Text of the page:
From June 27th through July 8th, Dr. Gregory Baker, director of the Food and Agribusiness Institute, led Santa Clara University's immersion experience in Costa Rica and Nicaragua. Dr. Baker, along with FAI Assistant Director Jessica Gagnon and FAI Alumnus and Lecturer Michael Harwood, accompanied 8 SCU business undergraduates and 1 student leader to Costa Rica and Nicaragua where they participated in a range of fun, educational, and truly immersive activities.
Zip lining, hikes to waterfalls, and city tours were among the lighthearted activities the students experienced. Of the many farms that were toured, some included sugarcane, cacao, banana, and cheese. They also visited Tierra y Agua, which is a community agriculture collaborative. These tours walked them through the process from start to finish of growing, harvesting, preparing, and distributing such crops. It also emphasized the economic impact agriculture has on these communities. Also on the itinerary were visits to two universities, Earth University in Costa Rica and INCAE University in Nicaragua. The students got to interact with local students from the area to gain a more personal perspective on issues of hunger and poverty in these communities. They also visited an elementary school and health clinic in the extremely impoverished Camilo Ortega region in Nicaragua where they planted gardens and plantain trees with the locals. Students stayed with host families a total of 5 nights, giving them an opportunity to feel closer to and more immersed in the community.
Check out photos from the trip on Flickr.
"Falling in love with the people of Costa Rica and Nicaragua has, indeed, transformed everything. I feel a renewed energy to apply to graduate school because by studying, teaching, and writing about literature, I give a voice to people, causes, and ideas."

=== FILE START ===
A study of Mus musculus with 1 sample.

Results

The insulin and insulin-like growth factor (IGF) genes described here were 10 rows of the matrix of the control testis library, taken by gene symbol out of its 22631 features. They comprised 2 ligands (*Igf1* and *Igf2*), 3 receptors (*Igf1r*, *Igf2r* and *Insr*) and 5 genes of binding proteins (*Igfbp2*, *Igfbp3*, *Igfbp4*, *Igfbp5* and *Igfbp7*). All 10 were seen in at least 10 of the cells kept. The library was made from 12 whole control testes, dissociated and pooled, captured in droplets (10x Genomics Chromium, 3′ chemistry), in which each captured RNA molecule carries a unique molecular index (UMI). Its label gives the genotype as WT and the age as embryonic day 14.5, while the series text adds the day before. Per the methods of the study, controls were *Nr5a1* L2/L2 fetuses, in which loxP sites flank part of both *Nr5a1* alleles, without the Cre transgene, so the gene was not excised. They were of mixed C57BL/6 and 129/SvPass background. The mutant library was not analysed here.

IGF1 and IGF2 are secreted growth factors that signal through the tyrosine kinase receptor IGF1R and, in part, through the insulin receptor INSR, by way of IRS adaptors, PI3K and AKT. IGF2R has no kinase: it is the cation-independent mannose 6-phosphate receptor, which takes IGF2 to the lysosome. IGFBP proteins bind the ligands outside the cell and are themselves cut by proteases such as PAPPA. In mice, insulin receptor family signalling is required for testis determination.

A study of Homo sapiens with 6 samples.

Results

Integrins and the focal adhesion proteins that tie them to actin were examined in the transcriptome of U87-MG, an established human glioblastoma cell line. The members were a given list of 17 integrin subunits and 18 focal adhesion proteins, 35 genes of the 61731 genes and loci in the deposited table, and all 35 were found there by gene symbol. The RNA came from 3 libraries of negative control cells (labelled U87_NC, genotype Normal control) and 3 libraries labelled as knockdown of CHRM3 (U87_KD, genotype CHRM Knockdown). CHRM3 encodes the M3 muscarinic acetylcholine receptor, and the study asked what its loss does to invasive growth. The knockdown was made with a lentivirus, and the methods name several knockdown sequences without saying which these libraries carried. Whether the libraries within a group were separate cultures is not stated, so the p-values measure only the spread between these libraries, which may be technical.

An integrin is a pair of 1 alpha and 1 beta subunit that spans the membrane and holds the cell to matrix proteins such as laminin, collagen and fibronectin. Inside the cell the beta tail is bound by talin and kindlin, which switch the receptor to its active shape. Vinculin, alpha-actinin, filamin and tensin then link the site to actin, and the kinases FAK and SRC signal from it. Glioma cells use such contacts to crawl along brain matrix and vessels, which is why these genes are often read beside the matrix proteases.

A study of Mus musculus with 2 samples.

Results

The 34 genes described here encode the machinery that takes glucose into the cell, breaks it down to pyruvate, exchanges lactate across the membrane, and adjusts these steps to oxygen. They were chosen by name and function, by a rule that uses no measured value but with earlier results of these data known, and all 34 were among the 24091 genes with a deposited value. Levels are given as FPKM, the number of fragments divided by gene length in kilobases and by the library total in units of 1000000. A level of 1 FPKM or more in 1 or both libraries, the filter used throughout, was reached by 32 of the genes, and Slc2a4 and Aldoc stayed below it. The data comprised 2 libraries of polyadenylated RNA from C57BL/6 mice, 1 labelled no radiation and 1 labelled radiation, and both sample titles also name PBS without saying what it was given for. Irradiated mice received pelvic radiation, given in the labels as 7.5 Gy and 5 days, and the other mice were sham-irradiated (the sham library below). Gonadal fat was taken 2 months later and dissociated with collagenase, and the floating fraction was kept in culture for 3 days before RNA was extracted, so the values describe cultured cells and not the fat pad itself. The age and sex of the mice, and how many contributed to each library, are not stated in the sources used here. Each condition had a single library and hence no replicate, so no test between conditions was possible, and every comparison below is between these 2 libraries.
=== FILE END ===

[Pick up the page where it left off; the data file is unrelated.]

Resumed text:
"I will never forget the stories I heard, jokes I laughed to, or people I met during this unique service experience."
"In America we live our lives very individually, but in Costa Rica and Nicaragua, the history, culture, and traditions are so integrated into the lives of each family, institution and community."
"Life is all about gaining perspective and I feel so blessed to have gained some in a different part of the world."
"During our volunteer day, we helped children from the local school to plant banana and plantain trees, cucumbers, carrots and other vegetables in their own backyards. It was an amazing feeling to know that in a few months, families will be able to eat the products of our labor."
"One of the greatest advantages of this trip in terms of learning was that we witnessed and experienced the vast differences between Costa Rica, the most developed country, and Nicaragua, the least developed country of the region. As much as this trip was to learn about agriculture, it was also to learn about development."
"Being able to have visited these countries made me more interested in getting to know more and possible revisit in the future when I can bring my education and the skills I learn to help people in need."
"Truthfully, I can say that I fell in love in Costa Rica and Nicaragua. I fell in love with the people, the food, the culture, the nature, and the people that I was able to share this experience with."
"After our trip to Costa Rica and Nicaragua I realized there are things more important in life. I now better appreciate that I am privileged and there are few things I should complain about. Family, close friends, and helping others bring joy. When we reach the end of our lives we can’t take any of our material wealth, but we will always carry our memories and emotions."
This immersion was tied to a course taught by Dr. Baker, BUSN 151: Food, Hunger, Poverty, Environment Immersion: Costa Rica and Nicaragua, which focused on the social justice behind the business of food production, consumption, hunger, and poverty in those countries.
Future immersions sponsored through FAI will be tied to the new FAI facilitated pathway, Food, Hunger, Poverty, and Environment. More information about the FHPE Pathway.